As the first deportation flight prepared to leave Britain, Yolande Makolo said they did not believe that being sent to her country should be regarded as a “punishment” by the migrants.
Speaking at a press conference at the Ministry of Foreign Affairs in Kigali, she said Rwanda had entered into its controversial arrangement with the UK for “the right reasons”.
She said they expected to receive “thousands” of migrants over the lifetime of the partnership which will see the UK invest £120 million in growth and development in Rwanda as well as picking up the re-settlement costs.
“Rwanda has a strong record of providing safety for those in danger. Tomorrow, when the first flight lands here in Kigali, the new arrivals will be welcomed and will be looked after and supported to make new lives here,” she said.
“We will provide support with their asylum applications, including legal support and translation services. We will provide decent accommodation and look after all their essential needs.
“Rwanda has a record of caring for refugees and welcoming migrants and will be able to provide not just a safe haven these people are looking for, but the opportunity to build new lives here and develop alongside Rwandans.”
Ms Makolo rejected a complaint by the Archbishop of Canterbury that the policy was “immoral”, insisting Rwanda wanted to help tackle the global migration crisis by undermining the activities of the people traffickers encouraging asylum seekers to make the dangerous Channel crossing.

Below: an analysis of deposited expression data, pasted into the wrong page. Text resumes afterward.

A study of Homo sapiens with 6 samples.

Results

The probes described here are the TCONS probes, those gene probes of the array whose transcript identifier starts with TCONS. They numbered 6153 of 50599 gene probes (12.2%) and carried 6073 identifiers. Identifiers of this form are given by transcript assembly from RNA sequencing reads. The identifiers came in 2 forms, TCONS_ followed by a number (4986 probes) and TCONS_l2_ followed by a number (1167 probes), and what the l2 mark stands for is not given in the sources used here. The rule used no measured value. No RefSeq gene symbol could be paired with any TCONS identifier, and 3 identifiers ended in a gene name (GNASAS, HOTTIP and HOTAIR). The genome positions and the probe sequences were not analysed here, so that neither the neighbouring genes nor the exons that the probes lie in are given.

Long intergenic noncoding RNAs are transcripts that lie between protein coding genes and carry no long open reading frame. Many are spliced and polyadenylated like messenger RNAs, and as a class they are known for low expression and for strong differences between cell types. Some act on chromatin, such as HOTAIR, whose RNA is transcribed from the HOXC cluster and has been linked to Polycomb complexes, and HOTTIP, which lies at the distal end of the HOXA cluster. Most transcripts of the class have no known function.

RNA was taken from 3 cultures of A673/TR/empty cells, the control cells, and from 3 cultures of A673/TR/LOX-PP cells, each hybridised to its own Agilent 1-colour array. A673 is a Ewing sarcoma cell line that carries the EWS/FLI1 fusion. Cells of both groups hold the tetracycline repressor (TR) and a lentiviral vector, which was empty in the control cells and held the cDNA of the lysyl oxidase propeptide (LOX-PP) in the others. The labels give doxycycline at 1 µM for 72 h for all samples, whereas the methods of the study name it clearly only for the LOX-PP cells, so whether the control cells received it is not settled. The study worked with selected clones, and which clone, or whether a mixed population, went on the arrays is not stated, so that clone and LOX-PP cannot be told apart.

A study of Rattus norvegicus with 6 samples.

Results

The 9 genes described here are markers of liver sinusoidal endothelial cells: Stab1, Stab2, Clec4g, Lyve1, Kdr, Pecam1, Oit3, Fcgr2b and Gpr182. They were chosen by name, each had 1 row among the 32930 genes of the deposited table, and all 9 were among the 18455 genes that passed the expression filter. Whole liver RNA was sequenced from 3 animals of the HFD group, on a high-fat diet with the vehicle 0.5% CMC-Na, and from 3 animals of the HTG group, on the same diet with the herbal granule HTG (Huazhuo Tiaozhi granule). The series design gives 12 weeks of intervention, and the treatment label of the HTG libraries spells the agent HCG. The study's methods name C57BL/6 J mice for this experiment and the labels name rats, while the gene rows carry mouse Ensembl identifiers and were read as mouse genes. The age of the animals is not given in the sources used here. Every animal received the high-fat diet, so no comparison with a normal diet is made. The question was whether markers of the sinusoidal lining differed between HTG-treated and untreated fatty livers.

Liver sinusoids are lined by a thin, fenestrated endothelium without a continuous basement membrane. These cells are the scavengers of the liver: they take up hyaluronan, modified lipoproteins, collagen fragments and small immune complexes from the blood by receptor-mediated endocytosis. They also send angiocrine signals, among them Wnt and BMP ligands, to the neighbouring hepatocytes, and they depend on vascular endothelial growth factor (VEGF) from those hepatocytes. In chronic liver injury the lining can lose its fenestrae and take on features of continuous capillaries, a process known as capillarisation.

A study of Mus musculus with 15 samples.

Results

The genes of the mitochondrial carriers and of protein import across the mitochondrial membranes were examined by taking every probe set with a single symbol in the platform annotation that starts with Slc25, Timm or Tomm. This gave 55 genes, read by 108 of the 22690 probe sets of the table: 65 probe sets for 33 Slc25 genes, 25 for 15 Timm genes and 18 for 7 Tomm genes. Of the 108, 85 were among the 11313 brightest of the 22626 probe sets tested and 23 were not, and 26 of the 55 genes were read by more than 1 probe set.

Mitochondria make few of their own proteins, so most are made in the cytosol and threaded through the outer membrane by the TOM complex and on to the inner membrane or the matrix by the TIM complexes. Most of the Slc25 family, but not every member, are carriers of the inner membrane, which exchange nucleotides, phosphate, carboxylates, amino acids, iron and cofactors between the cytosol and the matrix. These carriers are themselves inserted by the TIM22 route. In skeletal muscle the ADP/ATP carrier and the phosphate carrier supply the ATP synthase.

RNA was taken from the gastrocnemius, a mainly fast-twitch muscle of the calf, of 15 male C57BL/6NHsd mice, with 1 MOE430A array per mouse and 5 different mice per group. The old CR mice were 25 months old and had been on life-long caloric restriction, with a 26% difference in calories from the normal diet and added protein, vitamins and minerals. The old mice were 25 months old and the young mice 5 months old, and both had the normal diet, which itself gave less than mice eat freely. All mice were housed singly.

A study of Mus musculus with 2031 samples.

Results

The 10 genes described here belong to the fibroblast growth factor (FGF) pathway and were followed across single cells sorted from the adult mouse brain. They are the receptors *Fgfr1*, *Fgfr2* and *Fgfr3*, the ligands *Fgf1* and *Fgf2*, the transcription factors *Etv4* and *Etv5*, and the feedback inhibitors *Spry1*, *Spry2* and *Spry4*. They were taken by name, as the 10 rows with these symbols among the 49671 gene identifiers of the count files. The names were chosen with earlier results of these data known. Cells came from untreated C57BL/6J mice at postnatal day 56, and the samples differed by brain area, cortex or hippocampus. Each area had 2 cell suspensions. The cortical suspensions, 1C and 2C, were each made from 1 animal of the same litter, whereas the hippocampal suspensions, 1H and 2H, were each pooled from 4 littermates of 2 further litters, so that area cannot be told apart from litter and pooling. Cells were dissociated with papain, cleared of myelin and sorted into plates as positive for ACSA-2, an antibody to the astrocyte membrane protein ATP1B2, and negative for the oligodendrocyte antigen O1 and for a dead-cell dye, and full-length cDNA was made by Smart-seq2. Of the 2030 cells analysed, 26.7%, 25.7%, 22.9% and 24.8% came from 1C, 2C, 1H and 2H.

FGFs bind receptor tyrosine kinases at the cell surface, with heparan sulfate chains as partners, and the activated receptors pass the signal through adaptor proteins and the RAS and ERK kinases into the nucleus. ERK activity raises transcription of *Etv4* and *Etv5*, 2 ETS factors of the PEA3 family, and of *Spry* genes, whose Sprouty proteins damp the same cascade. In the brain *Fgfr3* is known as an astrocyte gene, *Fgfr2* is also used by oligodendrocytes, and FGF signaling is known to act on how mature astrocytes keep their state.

We don’t think it’s immoral to offer a home to people
“We don’t think it’s immoral to offer a home to people,” she said.
“We were doing this for the right reasons. We understand that there might be opposition to this but we are asking them to give this programme a chance because it’s a solution.
“There are not many solutions, people are suffering, the asylum system is broken and being taken advantage of by criminal gangs that exploit people making false promises.
“People are risking their lives in these dangerous crossings, so something has to give and we are happy to be working on this solution with our UK partners.”
Some migrants have reportedly said they would rather kill themselves rather than be sent to country amid concerns over its human rights record under President Paul Kagame.
However Ms Makolo said such concerns reflected “misconceptions” about Africa which do not “reflect the reality”.
“We do not consider living in Rwanda a punishment … we do our best to provide a conducive environment for Rwandans to develop and for anyone else who comes to live here with us,” she said.